AUBURN HILLS, Mich. — It took most of the night, but the Detroit Pistons finally got their man in the 2014 NBA Draft.
At 11:15 p.m., the Pistons selected Colorado point guard Spencer Dinwiddie with the 38th pick. Dinwiddie averaged 14.7 points for the Buffaloes before tearing his ACL in January, an injury that badly hurt his draft stock.
"We really like his ability to move and pass the ball," Pistons general manager Jeff Bower said. "He’s a guy that we ranked very highly, and we obviously dug deeply into his medical condition, both with our own doctors and with his surgeon and therapist."
As a 6-foot-6 guard, Dinwiddie has the potential to play some shooting guard, a position where Detroit is badly shorthanded. The only true wing players on the roster are Kyle Singler and Kentavious Caldwell-Pope.
Dinwiddie isn’t a star 3-point shooter, but he did hit 38.6 percent in college, which already makes him one of Detroit’s best outside threats. He’s also capable of getting to the basket, drawing more than 500 free throws in fewer than three full seasons.
"His offensive skills definitely move him up the list of point guards," Bower said. "He’s got the potential and the size to make plays at the two."
Dinwiddie said he thinks of himself as a point guard right now, but hopes to change that.
"I’m a pure one, but that won’t be true going forward," he said. "With my size and the improvements I’m going to make, I expect to play multiple positions in the NBA."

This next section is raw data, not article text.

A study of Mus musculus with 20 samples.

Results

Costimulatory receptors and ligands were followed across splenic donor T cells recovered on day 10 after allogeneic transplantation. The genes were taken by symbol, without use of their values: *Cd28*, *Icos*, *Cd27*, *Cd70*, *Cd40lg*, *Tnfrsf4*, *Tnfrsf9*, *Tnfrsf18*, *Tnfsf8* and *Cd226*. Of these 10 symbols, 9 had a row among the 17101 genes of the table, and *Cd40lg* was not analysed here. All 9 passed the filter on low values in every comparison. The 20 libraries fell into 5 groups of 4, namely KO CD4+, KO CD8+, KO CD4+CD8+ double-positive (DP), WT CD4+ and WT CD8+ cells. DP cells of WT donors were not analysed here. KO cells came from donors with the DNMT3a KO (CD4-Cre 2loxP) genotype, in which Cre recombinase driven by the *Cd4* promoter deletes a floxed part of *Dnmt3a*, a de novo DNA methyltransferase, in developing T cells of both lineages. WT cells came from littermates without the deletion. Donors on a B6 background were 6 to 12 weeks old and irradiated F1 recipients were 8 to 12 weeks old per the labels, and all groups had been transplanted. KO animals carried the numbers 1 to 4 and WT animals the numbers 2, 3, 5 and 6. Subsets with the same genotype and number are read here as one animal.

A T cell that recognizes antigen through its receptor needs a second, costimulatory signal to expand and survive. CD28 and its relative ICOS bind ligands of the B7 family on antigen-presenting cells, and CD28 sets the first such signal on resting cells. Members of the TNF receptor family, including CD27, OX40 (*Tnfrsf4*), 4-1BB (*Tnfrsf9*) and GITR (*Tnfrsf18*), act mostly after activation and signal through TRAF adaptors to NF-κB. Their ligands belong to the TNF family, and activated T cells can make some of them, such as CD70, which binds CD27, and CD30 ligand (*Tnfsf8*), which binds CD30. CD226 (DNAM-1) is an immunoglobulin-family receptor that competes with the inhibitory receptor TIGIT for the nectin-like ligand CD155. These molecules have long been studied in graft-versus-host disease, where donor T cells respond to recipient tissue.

Bower said that Dinwiddie will travel to Orlando with Detroit’s summer-league team, even though he’s nowhere near ready to play. Neither Bower nor Dinwiddie wanted to put a timeline on his recovery, but nine to 12 months is normal, meaning it’s unlikely he’ll be ready to help the Pistons in any way before New Year’s Day.
Once Dinwiddie comes back from the ACL tear, he’ll have to show that he hasn’t lost any speed, and he wasn’t a blazing-quick guard even before the injury. He’ll also have to improve his defense, which was listed as a weakness in scouting reports.
"Obviously, I have to work on my knee right now, but I want to get stronger and be able to play lower on defense," he said. "The other thing is that I want to get to be more of a knock-down shooter than I am right now. Those are the big things."
Still, a big, combo guard from Colorado? The last Pistons player with that pedigree, Chauncey Billups, is going to have his jersey in the Palace rafters some day. If Dinwiddie has half that career, he would be an absolute steal as a second-round pick.
"That’s a great path for me to follow," Dinwiddie said. "Chauncey was the best player my school has ever had, and he was definitely the best point guard. So I want to be like him, play in the league and win a championship."